A South Seattle woman was charged with vehicular homicide last week, accused of talking on her cellphone when she fatally struck an elderly pedestrian in February 2014. Police say she altered phone records in an attempt to cover up her distracted-driving behavior.
A South Seattle woman is accused of altering her cellphone records in an attempt to cover up the fact that she was talking on her cellphone when she sped through an intersection in February 2014 and struck and killed a pedestrian, according to King County prosecutors.
Deka Hirsi, now 37, was charged last week with vehicular homicide and issued a summons to appear for arraignment Monday, said Dan Donohoe, a spokesman for Prosecutor Dan Satterberg.
There was never any evidence that Hirsi was under the influence of drugs or alcohol when she struck 78-year-old Tze Kiu Ng, who was thrown 25 feet and suffered a catastrophic head injury and broken bones, charging papers say. He died six hours later at Harborview Medical Center.
Prosecutors allege she turned over her cellphone records after the crash but detectives determined they had been doctored after obtaining copies of the same records from her carrier.
Most Read Local Stories
- Police chief's decision to quit may have just saved Seattle from itself
- Coronavirus daily news updates, August 14: What to know today about COVID-19 in the Seattle area, Washington state and the world
- What type of mask is best? How often should I wash it? Answers to your questions about masks
- Six months into pandemic, Washington state still struggles with COVID-19 data
- Hundreds of sea lions to be killed on Columbia River in effort to save endangered fish
Hirsi’s driving “behavior and the attempted cover up suggest that she was aware she was distracted and knew she was wrong to use her phone while driving,” Senior Deputy Prosecutor Amy Freedheim wrote in charging documents.
Research has shown that using a mobile device while driving is a “cognitive distraction” that increases the risk of crashing by as much as four times and is equivalent to driving with a blood-alcohol concentration of 0.08, the legal limit, Freedheim wrote.
In 2007, Washington was one of the first states to enact a ban on texting or talking on a handheld cellphone while operating a moving vehicle. Thirteen states now outlaw use of handheld phones, and 44 states bar sending texts, according to the National Conference of State Legislatures.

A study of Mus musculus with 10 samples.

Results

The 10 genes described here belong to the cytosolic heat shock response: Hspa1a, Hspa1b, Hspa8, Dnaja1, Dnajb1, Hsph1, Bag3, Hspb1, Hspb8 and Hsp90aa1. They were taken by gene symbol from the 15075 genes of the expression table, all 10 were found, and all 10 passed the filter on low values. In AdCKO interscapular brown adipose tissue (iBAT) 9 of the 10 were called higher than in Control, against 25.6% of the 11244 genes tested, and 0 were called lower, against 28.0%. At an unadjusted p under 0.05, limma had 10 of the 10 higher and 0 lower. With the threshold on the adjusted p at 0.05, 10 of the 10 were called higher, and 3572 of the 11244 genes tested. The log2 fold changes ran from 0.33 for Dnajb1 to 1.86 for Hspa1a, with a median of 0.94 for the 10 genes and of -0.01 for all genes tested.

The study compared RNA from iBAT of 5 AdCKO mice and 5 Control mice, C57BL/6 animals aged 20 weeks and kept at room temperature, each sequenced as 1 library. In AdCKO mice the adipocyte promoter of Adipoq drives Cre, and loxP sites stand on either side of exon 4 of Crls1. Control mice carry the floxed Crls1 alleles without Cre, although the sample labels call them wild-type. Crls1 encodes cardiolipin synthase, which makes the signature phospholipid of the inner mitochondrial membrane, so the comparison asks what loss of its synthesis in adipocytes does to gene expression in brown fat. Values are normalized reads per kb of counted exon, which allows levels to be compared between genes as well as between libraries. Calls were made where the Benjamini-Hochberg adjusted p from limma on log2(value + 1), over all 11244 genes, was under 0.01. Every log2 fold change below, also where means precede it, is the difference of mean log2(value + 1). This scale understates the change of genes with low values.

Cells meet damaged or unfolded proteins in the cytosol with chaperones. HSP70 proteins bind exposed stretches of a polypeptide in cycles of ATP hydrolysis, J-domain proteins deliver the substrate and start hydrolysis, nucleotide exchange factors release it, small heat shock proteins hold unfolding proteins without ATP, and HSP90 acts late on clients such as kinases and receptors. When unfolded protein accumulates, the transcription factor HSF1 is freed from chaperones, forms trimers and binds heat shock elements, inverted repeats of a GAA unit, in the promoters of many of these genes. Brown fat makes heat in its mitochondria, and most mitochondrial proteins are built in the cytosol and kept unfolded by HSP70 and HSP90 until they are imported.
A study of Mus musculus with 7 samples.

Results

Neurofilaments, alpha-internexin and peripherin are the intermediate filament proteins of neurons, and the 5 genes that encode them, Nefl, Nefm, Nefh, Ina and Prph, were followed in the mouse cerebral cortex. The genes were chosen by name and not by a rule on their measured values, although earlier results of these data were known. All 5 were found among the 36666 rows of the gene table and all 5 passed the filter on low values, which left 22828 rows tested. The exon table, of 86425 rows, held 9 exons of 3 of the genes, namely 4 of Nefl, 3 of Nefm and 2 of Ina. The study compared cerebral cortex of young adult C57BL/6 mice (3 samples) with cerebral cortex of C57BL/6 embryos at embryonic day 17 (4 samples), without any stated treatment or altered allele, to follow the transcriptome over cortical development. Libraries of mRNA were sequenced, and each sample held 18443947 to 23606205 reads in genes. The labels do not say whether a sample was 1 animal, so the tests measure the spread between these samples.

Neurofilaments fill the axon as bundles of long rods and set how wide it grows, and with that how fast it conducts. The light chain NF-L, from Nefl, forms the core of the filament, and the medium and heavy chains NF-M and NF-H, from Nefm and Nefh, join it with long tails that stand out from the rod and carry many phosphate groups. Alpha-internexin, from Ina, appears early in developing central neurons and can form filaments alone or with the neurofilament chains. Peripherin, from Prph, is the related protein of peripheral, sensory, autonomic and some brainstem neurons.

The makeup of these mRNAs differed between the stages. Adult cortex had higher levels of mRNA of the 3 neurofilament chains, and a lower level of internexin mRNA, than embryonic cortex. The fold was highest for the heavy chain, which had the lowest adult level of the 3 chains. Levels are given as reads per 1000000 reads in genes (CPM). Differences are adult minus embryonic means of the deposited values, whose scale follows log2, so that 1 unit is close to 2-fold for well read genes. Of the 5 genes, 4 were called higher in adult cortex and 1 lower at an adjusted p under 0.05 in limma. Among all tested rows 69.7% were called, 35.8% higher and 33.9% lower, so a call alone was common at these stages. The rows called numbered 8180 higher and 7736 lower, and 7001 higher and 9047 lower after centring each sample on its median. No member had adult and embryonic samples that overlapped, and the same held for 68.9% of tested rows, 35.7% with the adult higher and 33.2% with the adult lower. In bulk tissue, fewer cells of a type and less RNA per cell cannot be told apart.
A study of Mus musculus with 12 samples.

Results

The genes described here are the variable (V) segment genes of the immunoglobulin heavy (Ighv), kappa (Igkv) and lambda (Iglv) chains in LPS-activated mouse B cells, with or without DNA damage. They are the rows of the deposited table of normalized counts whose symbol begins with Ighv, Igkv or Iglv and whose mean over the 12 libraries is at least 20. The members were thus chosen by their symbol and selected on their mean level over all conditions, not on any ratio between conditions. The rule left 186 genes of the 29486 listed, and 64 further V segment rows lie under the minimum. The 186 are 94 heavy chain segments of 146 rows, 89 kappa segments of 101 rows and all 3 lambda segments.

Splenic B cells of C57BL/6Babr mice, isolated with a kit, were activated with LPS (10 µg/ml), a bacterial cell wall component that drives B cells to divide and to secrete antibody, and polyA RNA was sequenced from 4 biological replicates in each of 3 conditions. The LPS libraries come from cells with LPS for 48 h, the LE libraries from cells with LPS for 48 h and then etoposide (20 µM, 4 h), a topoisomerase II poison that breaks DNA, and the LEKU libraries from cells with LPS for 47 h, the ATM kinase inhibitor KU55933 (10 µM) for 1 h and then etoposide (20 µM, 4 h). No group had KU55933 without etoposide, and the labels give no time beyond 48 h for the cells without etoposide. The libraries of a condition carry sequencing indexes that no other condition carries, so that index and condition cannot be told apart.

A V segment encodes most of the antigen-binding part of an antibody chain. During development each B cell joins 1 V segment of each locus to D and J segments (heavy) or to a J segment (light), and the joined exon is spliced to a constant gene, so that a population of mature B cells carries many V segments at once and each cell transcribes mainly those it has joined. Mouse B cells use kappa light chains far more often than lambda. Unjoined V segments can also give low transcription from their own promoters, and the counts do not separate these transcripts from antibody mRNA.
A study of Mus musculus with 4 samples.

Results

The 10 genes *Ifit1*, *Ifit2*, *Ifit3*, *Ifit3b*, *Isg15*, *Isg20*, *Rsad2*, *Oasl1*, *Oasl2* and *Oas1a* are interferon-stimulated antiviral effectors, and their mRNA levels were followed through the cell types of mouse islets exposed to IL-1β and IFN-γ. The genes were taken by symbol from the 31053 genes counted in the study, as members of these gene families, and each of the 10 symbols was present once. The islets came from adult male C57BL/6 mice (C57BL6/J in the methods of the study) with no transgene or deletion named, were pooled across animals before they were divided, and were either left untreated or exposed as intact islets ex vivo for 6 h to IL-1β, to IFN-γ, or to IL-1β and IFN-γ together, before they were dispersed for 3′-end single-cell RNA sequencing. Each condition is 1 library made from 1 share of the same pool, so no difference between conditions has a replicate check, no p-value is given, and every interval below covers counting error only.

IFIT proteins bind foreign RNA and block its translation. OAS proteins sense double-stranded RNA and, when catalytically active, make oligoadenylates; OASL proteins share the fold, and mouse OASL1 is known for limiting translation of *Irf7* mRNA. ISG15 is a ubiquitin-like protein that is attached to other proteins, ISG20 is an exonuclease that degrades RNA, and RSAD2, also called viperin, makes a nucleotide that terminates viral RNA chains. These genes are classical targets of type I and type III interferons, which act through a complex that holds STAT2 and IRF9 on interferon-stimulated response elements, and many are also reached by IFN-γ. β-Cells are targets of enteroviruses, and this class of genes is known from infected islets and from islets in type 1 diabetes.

Under the state’s vehicular-homicide statute, drivers can be charged under one of three prongs: Operating a motor vehicle while under the influence of drugs or alcohol; in a reckless manner; or with disregard for the safety of others.
Hirsi was charged under the third prong.
Charging papers outline the following chain of events:
Around 1:20 p.m. on Feb. 5, 2014, Ng stepped off a Metro bus at a bus stop just south of Beacon Avenue South and South Orcas Street. He walked back to the corner and began crossing eastward in the marked crosswalk.
Meanwhile, Hirsi, who was driving a minivan south on Beacon Avenue, was stopped at a stop sign behind the bus. Ng had nearly crossed the street when Hirsi “inexplicably accelerated across the intersection and slammed into him,” the papers say.
Hirsi pulled over in front of the bus and stayed in her vehicle for about five minutes, talking on her phone, the bus driver later told police.
She was still on her phone when she got out of the minivan, according to the charges. At some point, she called 911 but did not leave a message, the charges say, noting that a witness who saw the collision called 911 immediately.
Police quickly ruled out speed and impairment as contributing factors, and Hirsi told officers she “never saw the pedestrian until the impact occurred,” the charges say.
The day was cold, clear and sunny and there was nothing to obstruct her view of Ng, the charges say.
After Hirsi denied using her phone before or at the time of the collision, a detective asked her to voluntarily provide her cellphone records, the papers say.
After consulting with an attorney, Hirsi turned over three pages of phone records — but the detective was immediately suspicious “due to the formatting” and lack of information about the cellphone carrier, the papers say.
The detective got a warrant and obtained her records from T-Mobile, which showed Hirsi had omitted “numerous phone calls” in the records she had provided police, the charges say.
The untainted phone records showed she was using her phone moments before she arrived at the stop sign, and there “was also evidence that suggested Hirsi was using her phone when she entered the intersection” and hit Ng, charging papers say.
It took nearly two years to file charges in the case because Seattle police detectives had to first obtain Hirsi’s cellphone records along with data from nearby cellphone towers as well as conduct some “additional follow-up investigation,” Donohoe said.
Prosecutors then needed time to review the evidence before filing charges, he said.